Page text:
Find your writing community.
Your dream about writing may have started as a whisper. It comes to many writers as a feeling first, or a wish. And every delicate filament of your dream will be matched by ten shouts of doubt the moment you try to make it real. I'm guessing you've experienced this already.
You know those negative voices come from external places, like parents, co-workers or (gasp!) even teachers. They can be cultural or societal. But the very worst of them can sound like they're coming from inside your own head.
Wherever the killjoy thoughts came from, you need to switch them out if you're going to write! Discredit the naysayers by overriding them with smart, positive voices.
Get yourself some good influences. Find a writing community you trust: even if it's just the community on your bookshelf.
If you dream about writing, connect with other people who believe in the same dream.
Because for an impossible thing (like a book!) to become real, you must believe you will write it. And finding the right crowd to hang out with will help with that.
Community is one of the main reasons writers attend writing classes. I know this from personal experience, and from everything I've heard from the writers I've worked with. Simply being with other writers -- those unique, extraordinary people who not only understand what you're trying to do, but also understand why and how you do it -- gives you a massive boost.
When you spend time with other people who have the same energy that you do about writing, you lift each other up.
You can get that lift in many ways, but it does mean consciously putting yourself in a place that will be hospitable for your writing.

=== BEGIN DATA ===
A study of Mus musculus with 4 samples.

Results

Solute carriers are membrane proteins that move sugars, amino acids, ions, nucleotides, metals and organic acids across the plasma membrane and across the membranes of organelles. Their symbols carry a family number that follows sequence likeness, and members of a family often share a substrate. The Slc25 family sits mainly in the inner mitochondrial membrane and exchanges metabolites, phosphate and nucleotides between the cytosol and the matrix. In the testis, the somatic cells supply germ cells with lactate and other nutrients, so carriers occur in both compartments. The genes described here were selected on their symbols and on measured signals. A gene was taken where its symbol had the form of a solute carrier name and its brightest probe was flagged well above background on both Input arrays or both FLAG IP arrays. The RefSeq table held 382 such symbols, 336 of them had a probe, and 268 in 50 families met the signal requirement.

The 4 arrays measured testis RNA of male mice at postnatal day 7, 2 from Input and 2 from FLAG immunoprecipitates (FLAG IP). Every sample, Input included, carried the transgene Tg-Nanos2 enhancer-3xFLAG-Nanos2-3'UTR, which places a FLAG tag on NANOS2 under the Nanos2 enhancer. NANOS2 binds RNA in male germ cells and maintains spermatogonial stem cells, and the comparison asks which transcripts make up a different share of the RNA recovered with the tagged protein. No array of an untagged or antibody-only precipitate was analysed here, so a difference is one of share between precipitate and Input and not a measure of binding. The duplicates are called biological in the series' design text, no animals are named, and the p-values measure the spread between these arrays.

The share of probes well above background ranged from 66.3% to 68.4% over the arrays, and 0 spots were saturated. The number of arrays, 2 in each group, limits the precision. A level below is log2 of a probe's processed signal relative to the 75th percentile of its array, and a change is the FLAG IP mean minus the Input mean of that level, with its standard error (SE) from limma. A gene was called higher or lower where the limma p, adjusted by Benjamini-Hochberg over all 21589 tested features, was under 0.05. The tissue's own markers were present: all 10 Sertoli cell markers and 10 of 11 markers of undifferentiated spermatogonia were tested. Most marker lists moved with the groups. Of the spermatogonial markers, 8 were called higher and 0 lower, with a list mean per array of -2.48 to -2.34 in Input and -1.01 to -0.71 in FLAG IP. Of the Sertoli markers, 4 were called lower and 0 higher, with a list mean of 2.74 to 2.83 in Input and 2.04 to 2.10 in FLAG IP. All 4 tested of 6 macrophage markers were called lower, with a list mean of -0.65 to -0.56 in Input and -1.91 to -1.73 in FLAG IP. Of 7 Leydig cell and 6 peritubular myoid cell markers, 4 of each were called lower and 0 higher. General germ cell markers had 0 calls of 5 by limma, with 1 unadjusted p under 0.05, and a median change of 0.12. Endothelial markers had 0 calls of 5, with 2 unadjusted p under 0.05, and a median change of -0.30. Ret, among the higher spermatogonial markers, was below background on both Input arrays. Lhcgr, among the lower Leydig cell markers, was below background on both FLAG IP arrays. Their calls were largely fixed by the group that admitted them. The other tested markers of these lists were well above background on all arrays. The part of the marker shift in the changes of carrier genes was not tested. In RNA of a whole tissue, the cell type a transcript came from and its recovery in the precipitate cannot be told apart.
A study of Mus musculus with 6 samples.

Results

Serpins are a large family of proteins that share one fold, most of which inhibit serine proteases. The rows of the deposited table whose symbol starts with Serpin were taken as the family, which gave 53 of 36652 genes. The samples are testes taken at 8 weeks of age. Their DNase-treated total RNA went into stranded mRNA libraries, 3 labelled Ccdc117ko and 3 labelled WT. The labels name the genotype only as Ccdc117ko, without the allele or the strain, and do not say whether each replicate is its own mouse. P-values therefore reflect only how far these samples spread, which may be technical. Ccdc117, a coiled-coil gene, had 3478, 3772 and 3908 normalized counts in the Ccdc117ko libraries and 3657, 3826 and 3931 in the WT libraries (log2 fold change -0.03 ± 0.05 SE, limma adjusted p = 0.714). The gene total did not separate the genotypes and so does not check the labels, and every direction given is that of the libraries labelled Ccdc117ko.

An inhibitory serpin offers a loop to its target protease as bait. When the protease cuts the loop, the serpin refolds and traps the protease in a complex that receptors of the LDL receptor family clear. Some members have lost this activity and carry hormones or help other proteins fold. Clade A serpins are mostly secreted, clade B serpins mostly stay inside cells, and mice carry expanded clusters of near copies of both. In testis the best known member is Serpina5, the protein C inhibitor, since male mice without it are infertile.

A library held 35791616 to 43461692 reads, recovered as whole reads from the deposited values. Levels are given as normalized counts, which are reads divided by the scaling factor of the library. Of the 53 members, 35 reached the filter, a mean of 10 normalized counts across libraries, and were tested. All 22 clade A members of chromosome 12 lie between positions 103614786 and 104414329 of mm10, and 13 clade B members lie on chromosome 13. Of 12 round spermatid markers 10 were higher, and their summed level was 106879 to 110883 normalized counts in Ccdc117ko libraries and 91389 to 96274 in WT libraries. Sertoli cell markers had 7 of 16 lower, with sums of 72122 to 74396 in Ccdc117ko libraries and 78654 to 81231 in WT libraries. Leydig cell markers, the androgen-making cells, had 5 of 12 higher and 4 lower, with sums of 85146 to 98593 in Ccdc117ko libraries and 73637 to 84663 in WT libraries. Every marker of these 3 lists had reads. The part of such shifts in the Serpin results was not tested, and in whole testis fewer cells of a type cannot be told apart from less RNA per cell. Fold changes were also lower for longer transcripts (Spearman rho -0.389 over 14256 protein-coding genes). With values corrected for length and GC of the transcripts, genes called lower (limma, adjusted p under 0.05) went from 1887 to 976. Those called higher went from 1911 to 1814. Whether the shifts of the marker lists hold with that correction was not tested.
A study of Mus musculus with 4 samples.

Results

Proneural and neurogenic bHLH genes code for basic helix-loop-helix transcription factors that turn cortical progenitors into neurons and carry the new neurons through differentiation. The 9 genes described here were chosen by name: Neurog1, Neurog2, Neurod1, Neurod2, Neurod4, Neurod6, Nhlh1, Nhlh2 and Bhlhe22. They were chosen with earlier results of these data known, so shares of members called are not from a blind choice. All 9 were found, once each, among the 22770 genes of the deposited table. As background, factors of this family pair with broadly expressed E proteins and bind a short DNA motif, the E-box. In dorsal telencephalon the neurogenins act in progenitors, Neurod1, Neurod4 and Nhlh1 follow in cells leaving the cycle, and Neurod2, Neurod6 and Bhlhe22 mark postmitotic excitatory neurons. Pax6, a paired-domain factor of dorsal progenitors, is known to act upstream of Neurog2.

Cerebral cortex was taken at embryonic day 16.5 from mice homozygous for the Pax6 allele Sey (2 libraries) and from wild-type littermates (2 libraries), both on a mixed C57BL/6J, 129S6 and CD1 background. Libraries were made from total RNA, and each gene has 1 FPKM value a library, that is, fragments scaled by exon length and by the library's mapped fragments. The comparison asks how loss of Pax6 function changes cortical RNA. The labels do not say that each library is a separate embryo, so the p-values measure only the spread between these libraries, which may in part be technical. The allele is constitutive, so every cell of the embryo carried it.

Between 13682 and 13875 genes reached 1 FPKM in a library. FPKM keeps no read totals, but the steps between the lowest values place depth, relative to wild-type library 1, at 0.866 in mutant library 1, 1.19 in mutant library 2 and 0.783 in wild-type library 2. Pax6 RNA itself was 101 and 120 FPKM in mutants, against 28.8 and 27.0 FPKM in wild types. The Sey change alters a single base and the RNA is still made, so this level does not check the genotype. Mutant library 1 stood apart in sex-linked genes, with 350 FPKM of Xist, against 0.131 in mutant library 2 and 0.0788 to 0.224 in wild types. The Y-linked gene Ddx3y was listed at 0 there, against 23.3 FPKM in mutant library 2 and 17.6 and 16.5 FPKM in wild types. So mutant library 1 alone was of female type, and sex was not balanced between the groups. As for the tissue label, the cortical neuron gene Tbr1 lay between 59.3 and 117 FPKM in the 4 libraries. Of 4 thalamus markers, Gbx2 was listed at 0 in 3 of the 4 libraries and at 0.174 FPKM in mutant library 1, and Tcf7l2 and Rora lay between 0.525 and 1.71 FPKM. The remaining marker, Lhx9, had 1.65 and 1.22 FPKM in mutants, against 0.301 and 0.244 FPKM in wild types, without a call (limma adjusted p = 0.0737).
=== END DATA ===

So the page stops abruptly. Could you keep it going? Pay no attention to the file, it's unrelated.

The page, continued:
This can mean re-reading a book you love, listening to the New Yorker Short Story Podcast, sitting at a table with a writer friend, doing timed writing exercises together, or attending a writing conference or festival.
It can also mean taking a writing class.
I started teaching because I'm a connector, at heart. I wanted to create a supportive place for writers to live and dream, and I wanted to introduce writers to other writers so they don't feel like aliens. The Story Course provides a community where writers can flourish and expand. And I invite special guest authors to guest lecture in The Story Intensive, because I want my students to get in with solid, trustworthy influences!
In The Story Intensive Master Classes, students hear George Saunders talk about how long it took him to understand what his own story was about. They hear Margaret Atwood compare her writing practice to the pain of diving into a freezing cold lake. They hear Karen Joy Fowler talk about how she struggles to make the time to write.
Often, writers are the ones who are best on the sidelines: watching and observing everyone else in action. That's our natural habitat. What we observe becomes our material. We know things about people because we are paying attention to the bigger patterns of human life.
Heads up, introvert over there: I know you're not a joiner. But I'm telling you, even if you work alone, it is a good thing to occasionally touch base with others in your species.
You are not alone. You are a writer, just like these writers. You are actually sitting at the same table. You are a part of a larger dialogue.
Connecting with other writers is such an important part of your writing life.
In what ways have you found your writing community? I'd love to hear about it in the comments below.
Photo: Sarah at Lemon Tree Retreat in Tuscany. These people used to be strangers. Then they wrote and talked about writing for two weeks, together. Now, this is a writing community.